Leeds United captain Liam Cooper's decade of belief could finally yield international reward when Scotland take on Russia

Liam Cooper has spent the last decade holding fast to a belief that he’s good enough for international football.

Wednesday, 4th September 2019, 14:50 pm
Liam Cooper says he's always believed he was good enough to get back in the Scotland set-up (Pic: Getty)

The Leeds United captain could make his Scotland debut on Friday night after two previous senior call-ups yielded nothing more than time sitting on the bench.

Cooper, who was an unused substitute for games in March 2016 and March 2017, is part of Steve Clarke’s squad for a pair of testing Euro 2020 Qualifiers.

The Scots take on Russia on Friday and Belgium on Monday and Cooper – who last played for his country in an Under-19s game – feels like he belongs in the squad, at that level of football.


“I’m very confident in my ability, I think my game suits international football.

“In the back of my head I was always confident of stepping up to represent my country.”

The Hull-born centre-back, who qualifies through a Scottish grandfather, bears no grudges against the national team bosses who didn’t pick him.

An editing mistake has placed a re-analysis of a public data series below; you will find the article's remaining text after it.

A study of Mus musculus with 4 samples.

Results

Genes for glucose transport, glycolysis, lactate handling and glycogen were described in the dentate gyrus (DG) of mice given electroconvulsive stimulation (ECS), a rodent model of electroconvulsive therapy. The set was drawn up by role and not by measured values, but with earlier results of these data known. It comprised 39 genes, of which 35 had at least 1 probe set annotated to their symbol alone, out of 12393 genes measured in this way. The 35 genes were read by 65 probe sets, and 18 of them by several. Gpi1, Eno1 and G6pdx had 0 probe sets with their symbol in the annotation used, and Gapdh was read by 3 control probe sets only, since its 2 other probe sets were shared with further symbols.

He admits injuries may have played a part in how long it took to get back in the international picture and credits the form he’s shown at Leeds under head coach Marcelo Bielsa for attracting Clarke’s attention.

“Every manager has their reasons for not picking you; maybe I wasn’t quite ready the last times I was called up.

“And maybe I would have been back in sooner if it hadn’t been for niggly injuries last year.

“These things happen, that’s football.

“I don’t think you can get too downhearted. I have started to perform better and more consistently over the past few seasons.

“You just have to concentrate on yourself.

“I feel as if I have come into my own over the past two years under Marcelo [Bielsa].

“If you are doing well at club level then eventually you will get recognised for your country.

“I’ve got the call-up now so I’m just delighted.

“It is always an honour to represent your country.”